Democratic congresswoman Jacky Rosen and incumbent Republican Sen. Dean Heller won their respective party nominations, setting the stage for a pivotal Senate election in Nevada.
As expected, Democratic Rep. Jacky Rosen, who currently represents Nevada’s 3rd Congressional District, captured her party’s nomination on Tuesday night, beating back a slate of different Democratic candidates. In another unsurprising outcome, Republican Sen. Dean Heller also won his party’s primary contest.
The conclusion of the Nevada primary brings focus to an election that could bear major consequences for which party controls the Senate next year. In an election map that looks very favorable for the GOP, Nevada is unique in that it’s one state where the National Republican Senatorial Committee will be playing defense. Some have predicted the contest could become the costliest Senate election in history.
The state voted for President Barack Obama in 2008 and 2012, and was captured by Hillary Clinton during the 2016 election. Republicans enjoyed brief control of the state legislature, but this majority was also lost amid the last presidential election. National Democrats are hoping to keep the momentum going.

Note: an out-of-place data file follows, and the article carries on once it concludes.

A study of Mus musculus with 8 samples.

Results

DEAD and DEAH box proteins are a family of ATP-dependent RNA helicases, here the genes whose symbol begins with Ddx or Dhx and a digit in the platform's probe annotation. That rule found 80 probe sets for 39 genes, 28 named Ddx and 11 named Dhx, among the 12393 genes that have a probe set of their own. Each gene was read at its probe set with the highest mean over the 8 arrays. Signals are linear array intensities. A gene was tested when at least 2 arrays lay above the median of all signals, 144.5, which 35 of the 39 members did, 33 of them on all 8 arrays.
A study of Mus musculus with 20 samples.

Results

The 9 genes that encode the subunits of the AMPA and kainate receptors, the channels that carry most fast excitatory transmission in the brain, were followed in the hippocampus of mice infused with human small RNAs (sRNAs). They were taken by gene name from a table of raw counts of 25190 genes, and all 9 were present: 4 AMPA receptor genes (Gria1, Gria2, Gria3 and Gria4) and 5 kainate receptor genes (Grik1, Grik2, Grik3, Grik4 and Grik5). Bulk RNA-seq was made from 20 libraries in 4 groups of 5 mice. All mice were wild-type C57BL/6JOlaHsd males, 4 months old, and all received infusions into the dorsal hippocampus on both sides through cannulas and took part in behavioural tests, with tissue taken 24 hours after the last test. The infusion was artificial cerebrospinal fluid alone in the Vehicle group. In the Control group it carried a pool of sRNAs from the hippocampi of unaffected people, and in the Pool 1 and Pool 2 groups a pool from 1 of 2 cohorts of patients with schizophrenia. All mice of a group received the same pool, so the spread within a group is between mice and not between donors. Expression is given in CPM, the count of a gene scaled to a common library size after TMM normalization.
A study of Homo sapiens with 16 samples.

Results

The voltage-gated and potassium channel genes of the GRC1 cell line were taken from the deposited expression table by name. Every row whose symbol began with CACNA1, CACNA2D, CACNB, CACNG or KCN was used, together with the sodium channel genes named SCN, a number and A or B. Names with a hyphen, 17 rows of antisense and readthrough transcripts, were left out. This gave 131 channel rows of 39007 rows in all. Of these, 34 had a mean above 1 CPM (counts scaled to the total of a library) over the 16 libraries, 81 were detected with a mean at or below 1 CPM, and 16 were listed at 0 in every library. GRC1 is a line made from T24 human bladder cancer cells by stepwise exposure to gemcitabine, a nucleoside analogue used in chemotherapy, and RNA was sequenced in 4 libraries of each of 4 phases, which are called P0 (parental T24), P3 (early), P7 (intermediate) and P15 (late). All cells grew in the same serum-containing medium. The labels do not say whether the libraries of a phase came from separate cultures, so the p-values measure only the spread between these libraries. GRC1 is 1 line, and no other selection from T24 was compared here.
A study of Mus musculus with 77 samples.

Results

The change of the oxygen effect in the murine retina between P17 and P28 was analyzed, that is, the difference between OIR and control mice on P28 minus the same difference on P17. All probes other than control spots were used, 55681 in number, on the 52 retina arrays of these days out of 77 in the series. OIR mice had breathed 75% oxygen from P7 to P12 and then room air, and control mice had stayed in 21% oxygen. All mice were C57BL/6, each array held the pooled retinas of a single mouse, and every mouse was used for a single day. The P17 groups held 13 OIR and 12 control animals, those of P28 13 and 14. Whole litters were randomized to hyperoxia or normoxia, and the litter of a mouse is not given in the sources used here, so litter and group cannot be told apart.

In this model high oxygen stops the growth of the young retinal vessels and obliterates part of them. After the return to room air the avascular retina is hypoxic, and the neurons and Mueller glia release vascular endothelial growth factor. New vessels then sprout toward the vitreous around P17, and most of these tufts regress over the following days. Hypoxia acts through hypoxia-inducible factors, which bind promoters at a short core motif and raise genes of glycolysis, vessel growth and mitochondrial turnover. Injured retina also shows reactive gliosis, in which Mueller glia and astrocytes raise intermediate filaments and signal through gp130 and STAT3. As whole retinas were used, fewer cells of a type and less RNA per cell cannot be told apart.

Rosen is quite new to the political game. Besides the House seat she currently occupies — which she won for the first time less than two years ago — Rosen has never held elected office before. However, she was elected president of her local synagogue, the biggest Jewish temple in Nevada, in 2013. (RELATED: South Carolina Governor McMaster Faces GOP Primary Runoff)
While Heller won’t be campaigning in the friendliest of territories for Republicans, he has shown a propensity for survival. He was the only Republican senator in 2012 to survive in a battleground state, winning by just over one percentage point. While Rosen is relatively unknown statewide, Heller has attained strong name recognition over the years. Prior to obtaining his Senate seat, Heller served two terms as a U.S. representative and served three terms as Nevada’s Secretary of State.
The Republican senator was given a major blessing in March when President Donald Trump successfully encouraged Danny Tarkanian — a conservative primary challenger — to drop out of the Senate contest and instead run for election in the state’s 3rd Congressional District. The move prevented a bruising primary fight, leaving Heller more prepared for the general election.
If Democrats are unable to defeat Heller, it is likely they will retain their minority status in the upper chamber of Congress for at least another two years. Both Inside Elections and Cook Political Report, two different election analysis websites, rank the Nevada Senate race as a toss up.